COVID-19: Bangladeshi case allowed into Singapore 'on medical grounds' – MOH

·Editorial Team
·2-min read
A flight information board shows cancelled flights, as airlines reduce flights following the outbreak of the coronavirus disease (COVID-19), at Singapore's Changi Airport March 23, 2020.  REUTERS/Edgar Su
A flight information board shows cancelled flights during the coronavirus disease outbreak at Singapore's Changi Airport on 23 March, 2020. (PHOTO: Reuters)

SINGAPORE — Singapore’s latest imported case of COVID-19 in over a month was allowed to enter the country “based on medical grounds”, authorities confirmed on Monday (15 June), a day after they reported that the Bangladeshi man had tested positive for the virus following his arrival here.

In response to media queries, the Ministry of Health (MOH) said the 30-year-old man had been under the care of a doctor at Mount Elizabeth Hospital and had two operations performed earlier here. Identified as case 40560, the man is Singapore’s first imported case since 10 May.

“He needed to seek follow-up specialist medical care in Singapore as he is facing medical complications and is not responding well to treatment in his home country,” the MOH added.

The man was placed on a stay-home notice at a designated hotel upon his arrival in Singapore, said the MOH. He was conveyed from the airport to his hotel via a dedicated vehicle, and could only leave his designated place of residence for medical consultation and follow-up, it added.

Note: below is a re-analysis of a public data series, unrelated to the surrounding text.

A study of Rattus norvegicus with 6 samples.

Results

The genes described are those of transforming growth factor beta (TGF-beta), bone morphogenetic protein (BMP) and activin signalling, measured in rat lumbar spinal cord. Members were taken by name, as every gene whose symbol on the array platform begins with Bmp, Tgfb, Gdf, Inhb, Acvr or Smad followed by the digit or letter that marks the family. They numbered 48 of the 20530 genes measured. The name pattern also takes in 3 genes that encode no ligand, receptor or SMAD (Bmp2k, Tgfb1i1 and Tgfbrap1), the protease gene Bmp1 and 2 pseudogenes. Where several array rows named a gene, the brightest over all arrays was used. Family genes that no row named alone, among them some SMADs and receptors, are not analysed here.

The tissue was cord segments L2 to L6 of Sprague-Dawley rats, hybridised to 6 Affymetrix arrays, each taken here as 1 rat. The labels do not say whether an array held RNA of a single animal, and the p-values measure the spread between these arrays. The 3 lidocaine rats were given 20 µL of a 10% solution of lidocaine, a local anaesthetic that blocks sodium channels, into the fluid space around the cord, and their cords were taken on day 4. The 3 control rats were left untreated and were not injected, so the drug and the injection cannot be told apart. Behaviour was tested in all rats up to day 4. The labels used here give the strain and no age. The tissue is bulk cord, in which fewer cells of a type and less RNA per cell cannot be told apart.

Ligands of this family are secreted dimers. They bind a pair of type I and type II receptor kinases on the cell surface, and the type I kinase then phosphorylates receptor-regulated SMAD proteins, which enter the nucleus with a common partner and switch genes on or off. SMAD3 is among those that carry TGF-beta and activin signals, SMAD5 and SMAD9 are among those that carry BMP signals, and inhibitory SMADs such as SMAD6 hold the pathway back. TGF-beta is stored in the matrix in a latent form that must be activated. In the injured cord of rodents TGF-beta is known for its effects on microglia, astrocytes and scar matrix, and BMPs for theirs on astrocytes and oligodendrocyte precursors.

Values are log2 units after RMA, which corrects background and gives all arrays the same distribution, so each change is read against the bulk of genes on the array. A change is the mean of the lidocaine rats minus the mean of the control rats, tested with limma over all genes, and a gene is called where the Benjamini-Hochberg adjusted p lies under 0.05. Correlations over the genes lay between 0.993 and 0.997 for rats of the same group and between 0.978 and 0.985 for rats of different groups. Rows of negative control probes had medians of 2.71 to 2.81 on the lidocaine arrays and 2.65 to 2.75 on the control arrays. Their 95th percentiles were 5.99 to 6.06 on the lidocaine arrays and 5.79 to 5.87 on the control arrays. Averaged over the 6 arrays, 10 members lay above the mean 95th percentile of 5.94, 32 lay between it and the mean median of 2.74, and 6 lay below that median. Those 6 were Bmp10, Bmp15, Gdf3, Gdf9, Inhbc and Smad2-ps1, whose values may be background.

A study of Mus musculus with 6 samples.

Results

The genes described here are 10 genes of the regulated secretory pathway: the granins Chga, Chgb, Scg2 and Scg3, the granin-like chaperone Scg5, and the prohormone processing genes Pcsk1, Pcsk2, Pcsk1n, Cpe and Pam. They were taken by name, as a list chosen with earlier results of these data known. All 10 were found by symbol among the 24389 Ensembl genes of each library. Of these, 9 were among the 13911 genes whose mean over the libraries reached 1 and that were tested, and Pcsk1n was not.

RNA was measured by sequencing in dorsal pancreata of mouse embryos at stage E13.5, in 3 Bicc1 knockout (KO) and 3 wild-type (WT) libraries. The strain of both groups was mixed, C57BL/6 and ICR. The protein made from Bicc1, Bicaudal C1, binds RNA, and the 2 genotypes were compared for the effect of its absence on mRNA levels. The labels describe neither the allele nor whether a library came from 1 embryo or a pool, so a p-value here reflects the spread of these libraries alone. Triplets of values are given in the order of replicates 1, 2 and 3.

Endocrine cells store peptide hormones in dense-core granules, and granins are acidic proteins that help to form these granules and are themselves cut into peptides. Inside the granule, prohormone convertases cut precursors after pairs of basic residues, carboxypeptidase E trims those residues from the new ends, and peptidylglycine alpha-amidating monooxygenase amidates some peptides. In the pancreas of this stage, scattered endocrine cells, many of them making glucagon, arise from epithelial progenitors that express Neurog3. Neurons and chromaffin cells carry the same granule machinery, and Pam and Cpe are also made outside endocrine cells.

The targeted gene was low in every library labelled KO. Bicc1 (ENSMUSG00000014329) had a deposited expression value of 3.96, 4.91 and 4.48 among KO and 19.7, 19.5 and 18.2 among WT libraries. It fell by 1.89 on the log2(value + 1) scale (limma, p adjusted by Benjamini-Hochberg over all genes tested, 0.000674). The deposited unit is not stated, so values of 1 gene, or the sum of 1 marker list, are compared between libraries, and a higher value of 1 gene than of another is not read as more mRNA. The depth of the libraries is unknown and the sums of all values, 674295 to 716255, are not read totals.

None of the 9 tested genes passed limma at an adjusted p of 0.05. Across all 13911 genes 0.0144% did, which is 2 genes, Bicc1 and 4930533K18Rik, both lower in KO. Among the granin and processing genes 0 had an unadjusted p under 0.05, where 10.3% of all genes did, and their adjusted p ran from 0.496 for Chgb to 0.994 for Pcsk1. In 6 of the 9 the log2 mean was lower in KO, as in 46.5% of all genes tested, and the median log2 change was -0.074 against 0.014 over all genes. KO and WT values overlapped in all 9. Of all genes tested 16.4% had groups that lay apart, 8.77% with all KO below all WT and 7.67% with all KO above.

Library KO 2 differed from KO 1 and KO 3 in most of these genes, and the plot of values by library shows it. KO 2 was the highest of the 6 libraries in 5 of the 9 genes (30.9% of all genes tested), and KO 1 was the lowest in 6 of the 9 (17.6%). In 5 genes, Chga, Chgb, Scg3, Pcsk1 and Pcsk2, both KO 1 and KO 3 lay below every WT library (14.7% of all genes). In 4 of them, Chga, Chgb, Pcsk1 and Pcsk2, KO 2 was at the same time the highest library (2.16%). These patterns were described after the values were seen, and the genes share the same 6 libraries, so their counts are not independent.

According to the ministry on Sunday, the man had arrived in Singapore on 10 June and had not been diagnosed or suspected to have COVID-19. A health declaration form submitted before immigration clearance also indicated that he did not exhibit any symptoms of the coronavirus disease.

He was subsequently tested for the virus here and his results came back positive on three days after. Contact tracing is ongoing while identified close contacts have been placed on quarantine.

All short term visitors are not allowed to enter or transit through Singapore from 11.59pm on 23 March.

A "reciprocal fast lane" arrangement between Singapore and China currently allows residents of both countries to travel between the city-state and six Chinese provinces and municipalities – Chongqing, Guangdong, Jiangsu, Shanghai, Tianjin, and Zhejiang – for essential business and official purposes.

Discussions are underway with South Korea, Australia, New Zealand, and Malaysia to establish such arrangements.

To date, Singapore has 40,818 cases of COVID-19, including 581 imported cases.